Crime Library: Criminal Minds and Methods

Michael Gargiulo: Alleged Hollywood Ripper


Tricia Pacaccio
Tricia Pacaccio

Tricia Pacaccio had been a beautiful, studious, popular, 18-year-old girl days away from moving away to Purdue University to major in genetic engineering. Growing up in the upscale Chicago suburb of Glenview, Pacaccio had had a storybook life filled with cheerleading, friends, music, and the debate team. Not one to drink or party, Pacaccio would rather be at home reading or studying.

She had also lived one block away from Gargiulo.

On Aug. 13, 1993 Pacaccio was walking down the street on her way to meet her boyfriend, who was going to take her to a doctor's appoint. Gargiulo, who was then 17, drove by in his father's van with another friend inside and stopped to offer Pacaccio a ride. She accepted and was dropped off at her designated meeting place.

The next day, Pacaccio got up as usual and went to her job at a department store cosmetics counter. She then came home and took a shower before heading out with two girlfriends to a road rally.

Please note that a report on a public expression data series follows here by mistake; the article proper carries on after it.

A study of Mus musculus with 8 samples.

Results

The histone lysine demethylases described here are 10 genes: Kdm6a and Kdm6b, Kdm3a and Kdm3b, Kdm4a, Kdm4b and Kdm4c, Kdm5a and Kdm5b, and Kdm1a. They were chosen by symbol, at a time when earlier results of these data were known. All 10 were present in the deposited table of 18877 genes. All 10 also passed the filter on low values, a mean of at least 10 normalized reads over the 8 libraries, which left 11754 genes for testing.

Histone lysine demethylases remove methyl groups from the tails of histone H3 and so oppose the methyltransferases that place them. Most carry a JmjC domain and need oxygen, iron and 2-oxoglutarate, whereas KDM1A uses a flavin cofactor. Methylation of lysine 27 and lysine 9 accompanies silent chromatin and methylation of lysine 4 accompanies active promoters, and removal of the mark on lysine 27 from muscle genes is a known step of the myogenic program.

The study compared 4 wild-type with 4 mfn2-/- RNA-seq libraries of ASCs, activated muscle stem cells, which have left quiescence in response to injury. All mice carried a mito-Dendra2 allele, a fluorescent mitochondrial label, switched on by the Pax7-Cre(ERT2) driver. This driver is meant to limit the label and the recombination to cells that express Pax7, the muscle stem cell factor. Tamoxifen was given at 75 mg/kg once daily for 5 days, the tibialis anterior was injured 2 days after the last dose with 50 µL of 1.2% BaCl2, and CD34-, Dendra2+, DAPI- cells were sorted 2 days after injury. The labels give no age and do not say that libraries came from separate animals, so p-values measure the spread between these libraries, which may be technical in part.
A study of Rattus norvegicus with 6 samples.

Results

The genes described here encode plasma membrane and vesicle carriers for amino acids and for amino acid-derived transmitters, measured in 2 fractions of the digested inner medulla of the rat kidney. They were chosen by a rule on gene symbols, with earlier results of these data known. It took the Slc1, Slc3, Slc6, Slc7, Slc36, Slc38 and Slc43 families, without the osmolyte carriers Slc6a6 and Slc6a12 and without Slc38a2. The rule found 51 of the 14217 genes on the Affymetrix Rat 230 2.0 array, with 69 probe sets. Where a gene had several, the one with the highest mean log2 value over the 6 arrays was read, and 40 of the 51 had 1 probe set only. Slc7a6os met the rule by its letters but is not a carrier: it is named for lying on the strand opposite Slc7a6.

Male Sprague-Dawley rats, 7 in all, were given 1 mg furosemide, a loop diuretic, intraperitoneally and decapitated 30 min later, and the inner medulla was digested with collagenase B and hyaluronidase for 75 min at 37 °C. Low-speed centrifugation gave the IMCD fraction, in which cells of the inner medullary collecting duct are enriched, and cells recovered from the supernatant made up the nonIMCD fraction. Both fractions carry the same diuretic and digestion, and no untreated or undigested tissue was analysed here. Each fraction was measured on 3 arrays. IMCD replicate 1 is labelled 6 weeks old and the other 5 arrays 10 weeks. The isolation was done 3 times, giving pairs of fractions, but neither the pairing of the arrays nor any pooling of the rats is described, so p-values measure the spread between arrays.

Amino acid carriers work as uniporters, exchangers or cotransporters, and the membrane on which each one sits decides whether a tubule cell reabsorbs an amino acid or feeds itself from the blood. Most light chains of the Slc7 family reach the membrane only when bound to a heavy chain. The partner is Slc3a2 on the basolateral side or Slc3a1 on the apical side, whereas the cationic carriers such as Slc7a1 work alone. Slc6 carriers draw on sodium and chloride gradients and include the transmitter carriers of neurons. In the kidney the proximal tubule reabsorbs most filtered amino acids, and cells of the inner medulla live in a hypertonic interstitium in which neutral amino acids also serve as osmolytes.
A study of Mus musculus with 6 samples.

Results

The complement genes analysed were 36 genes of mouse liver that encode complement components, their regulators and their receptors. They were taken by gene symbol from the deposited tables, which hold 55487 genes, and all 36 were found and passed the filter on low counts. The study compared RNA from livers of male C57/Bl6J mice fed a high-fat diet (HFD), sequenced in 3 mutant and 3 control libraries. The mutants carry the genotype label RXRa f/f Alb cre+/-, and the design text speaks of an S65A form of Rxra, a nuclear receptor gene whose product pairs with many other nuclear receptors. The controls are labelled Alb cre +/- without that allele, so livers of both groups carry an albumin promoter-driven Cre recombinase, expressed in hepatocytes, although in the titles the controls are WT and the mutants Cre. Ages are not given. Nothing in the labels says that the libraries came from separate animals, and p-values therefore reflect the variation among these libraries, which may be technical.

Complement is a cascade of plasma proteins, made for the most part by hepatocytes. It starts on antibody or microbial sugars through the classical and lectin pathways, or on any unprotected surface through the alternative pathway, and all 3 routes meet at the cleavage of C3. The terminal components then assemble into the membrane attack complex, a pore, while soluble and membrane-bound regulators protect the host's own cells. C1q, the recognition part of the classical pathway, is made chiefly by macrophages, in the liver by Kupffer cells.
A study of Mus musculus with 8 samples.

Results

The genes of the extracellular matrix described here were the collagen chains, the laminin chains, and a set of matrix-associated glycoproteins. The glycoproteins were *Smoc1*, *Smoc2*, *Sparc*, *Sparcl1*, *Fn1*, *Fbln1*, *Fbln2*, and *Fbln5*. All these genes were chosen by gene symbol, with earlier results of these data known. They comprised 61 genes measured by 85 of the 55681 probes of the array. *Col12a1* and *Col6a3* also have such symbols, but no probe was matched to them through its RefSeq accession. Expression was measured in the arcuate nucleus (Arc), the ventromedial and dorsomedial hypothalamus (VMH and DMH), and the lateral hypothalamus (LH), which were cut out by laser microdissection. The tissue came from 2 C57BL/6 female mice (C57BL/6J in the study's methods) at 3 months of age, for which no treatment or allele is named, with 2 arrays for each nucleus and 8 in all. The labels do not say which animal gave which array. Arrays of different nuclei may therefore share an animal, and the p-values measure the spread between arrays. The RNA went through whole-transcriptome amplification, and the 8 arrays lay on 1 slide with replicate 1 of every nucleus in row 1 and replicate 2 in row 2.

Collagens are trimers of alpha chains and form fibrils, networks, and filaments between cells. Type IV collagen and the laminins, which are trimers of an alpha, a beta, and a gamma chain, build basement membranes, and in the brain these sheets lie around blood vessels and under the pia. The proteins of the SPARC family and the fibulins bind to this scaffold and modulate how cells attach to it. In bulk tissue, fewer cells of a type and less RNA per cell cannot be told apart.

"I used to always tease her about using all the hot water," said her father, Rick Pacaccio. "When she got done washing her hair, there was no hot water. I said, 'Take it easy on the hot water,' and that's the last time I saw her alive."

After the rally, the girls ate at a TGI Friday's restaurant, then Pacaccio went home. It was 12:30 a.m. On the front porch with her key in hand, Pacaccio never made it inside. Someone came up behind, twisting Pacaccio's left arm behind her back to the point that it fractured, according to court files.

Then she was stabbed a dozen times, including three fatal wounds: to her heart, her left lung, and abdomen. She was also stabbed in the arm, the collar bone, and in the back, a medical examiner later testified. The attack happened so quickly that Pacaccio didn't have a chance to fight back.

As Pacaccio fell to the ground, though, dropping her door key next to her head, she was able to do one thing that would help detectives 17 years in the future and 1,740 miles away she got someone's DNA under her fingernails.

Pacaccio's body went undiscovered until the next morning when her father opened the front door. Unable to bear the tragedy, Pacaccio's family moved out of the home for four years. Medical examiners recovered the DNA from under Tricia's fingernails but couldn't make a match until they received Gargiulo's blood sample from Los Angeles in 2003.